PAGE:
Reel News: Week of Jan. 10 — Lone Survivor, Her, Legend of Hercules, August: Osage County, We Are What We Are

Upcoming Theatrical Releases

Director: Peter Berg
R, 121 mins

LONE SURVIVOR, starring Mark Wahlberg, tells the story of four Navy SEALs on an ill-fated covert mission to neutralize a high-level Taliban operative who are ambushed by enemy forces in the Hindu Kush region of Afghanistan. Based on The New York Times bestseller, this story of heroism, courage and survival directed by Peter Berg (Friday Night Lights) also stars Taylor Kitsch, Emile Hirsch, Ben Foster and Eric Bana. (Synopsis by Universal Pictures)

An extremely graphic depiction of war and the bond between soldiers. Like the book, the heroics tend to be exaggerated, but the intense action and patriotism never become a distraction. There is an intimacy present that makes it work. See it.

Director: Renny Harlin
PG-13; 99 mins

In the epic origin story THE LEGEND OF HERCULES, Kellan Lutz stars as the mythical Greek hero – the son of Zeus, a half-god, half-man blessed with extraordinary strength. Betrayed by his stepfather, the King, and exiled and sold into slavery because of a forbidden love, Hercules must use his formidable powers to fight his way back to his rightful kingdom. Through harrowing battles and gladiator-arena death matches, Hercules embarks on a legendary odyssey to overthrow the King and restore peace to the land. (Synopsis by Summit)

Though based on mythological story, this is a ridiculously teenage-age film. There is an audience for this type of movie, but if you’re not a middle school or early high school age boy, you will be-hard pressed to find anything enjoyable. Skip it.

Director: John Wells
R; 119 mins

AUGUST: OSAGE COUNTY tells the dark, hilarious and deeply touching story of the strong-willed women of the Weston family, whose lives have diverged until a family crisis brings them back to the Midwest house they grew up in, and to the dysfunctional woman who raised them. Letts’ play made its Broadway debut in December 2007 after premiering at Chicago’s legendary Steppenwolf Theatre earlier that year. It continued with a successful international run. (Synopsis by Weinstein)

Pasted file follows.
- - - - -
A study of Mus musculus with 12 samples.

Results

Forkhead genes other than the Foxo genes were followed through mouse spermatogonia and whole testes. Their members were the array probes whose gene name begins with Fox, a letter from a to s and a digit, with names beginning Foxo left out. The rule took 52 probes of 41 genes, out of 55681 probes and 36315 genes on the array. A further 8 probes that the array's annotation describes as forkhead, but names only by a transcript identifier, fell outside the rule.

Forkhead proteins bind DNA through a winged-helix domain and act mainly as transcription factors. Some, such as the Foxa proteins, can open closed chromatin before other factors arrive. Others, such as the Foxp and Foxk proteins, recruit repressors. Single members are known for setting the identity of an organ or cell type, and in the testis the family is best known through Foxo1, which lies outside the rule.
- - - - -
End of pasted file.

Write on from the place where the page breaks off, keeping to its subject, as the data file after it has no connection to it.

This is a messy adaptation at best. The plot suffers from allowing the actors to attempt to out-act each other. Despite being Oscar bait, there is little to enjoy here. Skip it.

R; 126 mins

A lonely writer develops an unlikely relationship with his newly purchased operating system that’s designed to meet his every need. (Synopsis by IMDB)

At its core, this is a riff on Pinocchio. The premise may be hard to get behind, but there is a profound, romantic drama here to enjoy. Jonze and Phoenix are at the top of their game. See it.

Upcoming DVD Releases

Director: Jim Mickle
R; 100 mins

The Parkers have always kept to themselves, and for good reason. Behind closed doors, patriarch Frank rules his family with a rigorous fervor, determined to keep his ancestral customs intact at any cost. As a torrential rainstorm moves into the area, tragedy strikes and his daughters Iris and Rose are forced to assume responsibilities that extend beyond those of a typical family. As the unrelenting downpour continues to flood their small town, the local authorities begin to uncover clues thatbring them closer to the secret that the Parkers have held closely for so many years. (Synopsis by Entertainment One)

A gothic horror story that keeps the tension at a low boil. At the heart, it is a movie about family, which only adds to the scare. This is a welcome change from the shock horror of the last few years. See it.


  1. The Communicator says

    Lone Survivor – “Like the book, he heroics seem to be exaggerated.” Really? You actually wrote that? 19 men lost their lives in that mission. Men who were prepared to make the ultimate sacrifice for their country and for their brothers in arms.

    Typical media, you must take a cheap shot at the military at any given opportunity.

  2. Mark Elloff says

    Actually it is well reported by Ed Darak, author of Victory Point (about the same operation) and by other members of the military that Luttrell most likely inflated the numbers of insurgents his team faced.

    The official account for the Navy lists the insurgence as “…a much larger enemy force of more than 50 anti-coalition militia.” That is certainly less than is described in the book.

    Either way, I’m not sure I follow your argument that questioning the factual account of Luttrell’s book/film makes anyone less patriotic, lessen the sacrifice of members of the military, or is a cheap shot at the 19 SEAL’s who lost their lives.